NHS Fife first in Scotland to carry out 12 hour knee replacement

Published: Wednesday 18 Dec 2019

Mrs Sarah Mitchell

Mrs Sarah Mitchell

NHS Fife has become the first health board in Scotland to perform a successful total knee replacement in 12 hours.

Craig Buchanan, from Lochgelly, became the first to undergo the procedure on the 27th of November. The 60 year-old was admitted and discharged within 12 hours, following successful surgery.

The average length of hospital stay for a knee replacement in NHS Fife is around three days; however, day-case patients can be discharged in less than 12 hours to continue their recovery at home.

Currently around 15% of people requiring knee replacement are suitable for day-case surgery.

Consultant Orthopaedic Surgeon, Mrs Sarah Mitchell, carried out the procedure. She said: “The new method requires a programme of preparation and - instead of using spinal anaesthetic - the area around the knee is numbed. This means patients can mobilise quicker after their surgery, reducing loss of muscle and other associated risks such as clots.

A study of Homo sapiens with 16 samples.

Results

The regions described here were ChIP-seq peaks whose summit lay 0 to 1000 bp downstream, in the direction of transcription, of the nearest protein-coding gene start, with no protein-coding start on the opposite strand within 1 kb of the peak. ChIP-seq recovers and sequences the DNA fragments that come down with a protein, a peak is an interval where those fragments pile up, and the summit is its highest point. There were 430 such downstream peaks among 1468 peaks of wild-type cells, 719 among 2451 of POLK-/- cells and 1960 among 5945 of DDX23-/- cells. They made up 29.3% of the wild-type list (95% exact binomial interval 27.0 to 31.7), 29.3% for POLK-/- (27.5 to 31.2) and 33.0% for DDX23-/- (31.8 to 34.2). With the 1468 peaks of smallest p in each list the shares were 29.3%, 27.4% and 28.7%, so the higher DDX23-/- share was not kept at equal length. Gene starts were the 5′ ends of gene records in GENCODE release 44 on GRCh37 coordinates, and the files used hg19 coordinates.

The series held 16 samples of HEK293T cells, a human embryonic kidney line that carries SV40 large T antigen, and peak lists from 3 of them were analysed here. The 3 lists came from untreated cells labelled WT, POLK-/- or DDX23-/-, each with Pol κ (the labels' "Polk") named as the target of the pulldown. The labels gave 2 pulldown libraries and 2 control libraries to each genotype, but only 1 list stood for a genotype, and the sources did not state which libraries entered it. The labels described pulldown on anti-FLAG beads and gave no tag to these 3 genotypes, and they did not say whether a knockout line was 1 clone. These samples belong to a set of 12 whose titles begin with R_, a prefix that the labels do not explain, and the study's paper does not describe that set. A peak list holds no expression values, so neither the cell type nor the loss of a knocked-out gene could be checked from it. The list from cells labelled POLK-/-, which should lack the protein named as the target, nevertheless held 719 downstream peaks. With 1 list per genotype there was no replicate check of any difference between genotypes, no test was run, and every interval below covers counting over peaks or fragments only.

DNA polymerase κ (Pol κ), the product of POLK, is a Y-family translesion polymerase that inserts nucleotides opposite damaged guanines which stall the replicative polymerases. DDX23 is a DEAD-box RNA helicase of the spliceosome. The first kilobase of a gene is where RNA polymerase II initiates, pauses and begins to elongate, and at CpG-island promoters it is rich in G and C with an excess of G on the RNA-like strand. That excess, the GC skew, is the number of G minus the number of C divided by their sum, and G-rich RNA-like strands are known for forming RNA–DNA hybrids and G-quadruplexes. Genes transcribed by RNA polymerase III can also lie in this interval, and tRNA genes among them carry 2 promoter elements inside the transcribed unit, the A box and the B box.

“Mr Buchanan was our first day-case knee replacement and since then we have had another successful surgery. The feedback from Mr Buchanan has been overwhelmingly positive and he says the experience he had compared to his previous knee replacement – where he remained in hospital for his recovery – was much better.”

Day-case knee replacement is the latest orthopaedic innovation to be pioneered in NHS Fife and the health board also became the first in Scotland to carry out successful day-case hip replacement last year.

NHS Fife recently outlined plans for a new Elective Orthopaedic Centre at the Victoria Hospital, Kirkcaldy. The development, which will be completed in March 2022, will see the creation of a state of the art facility that will host three operating theatres, a 34 bed supporting ward, and associated outpatient facilities. A key asset of the centre will be the inclusion of a day-case bed area of the orthopaedic ward to be dedicated to enhanced recovery patients.

Mrs Mitchell said: “Across Scotland there are around 15,000 major joint replacements carried out every year and we know that the number of patients requiring surgery continues to rise. The new centre will be put Fife at the heart of orthopaedic excellence across Scotland.”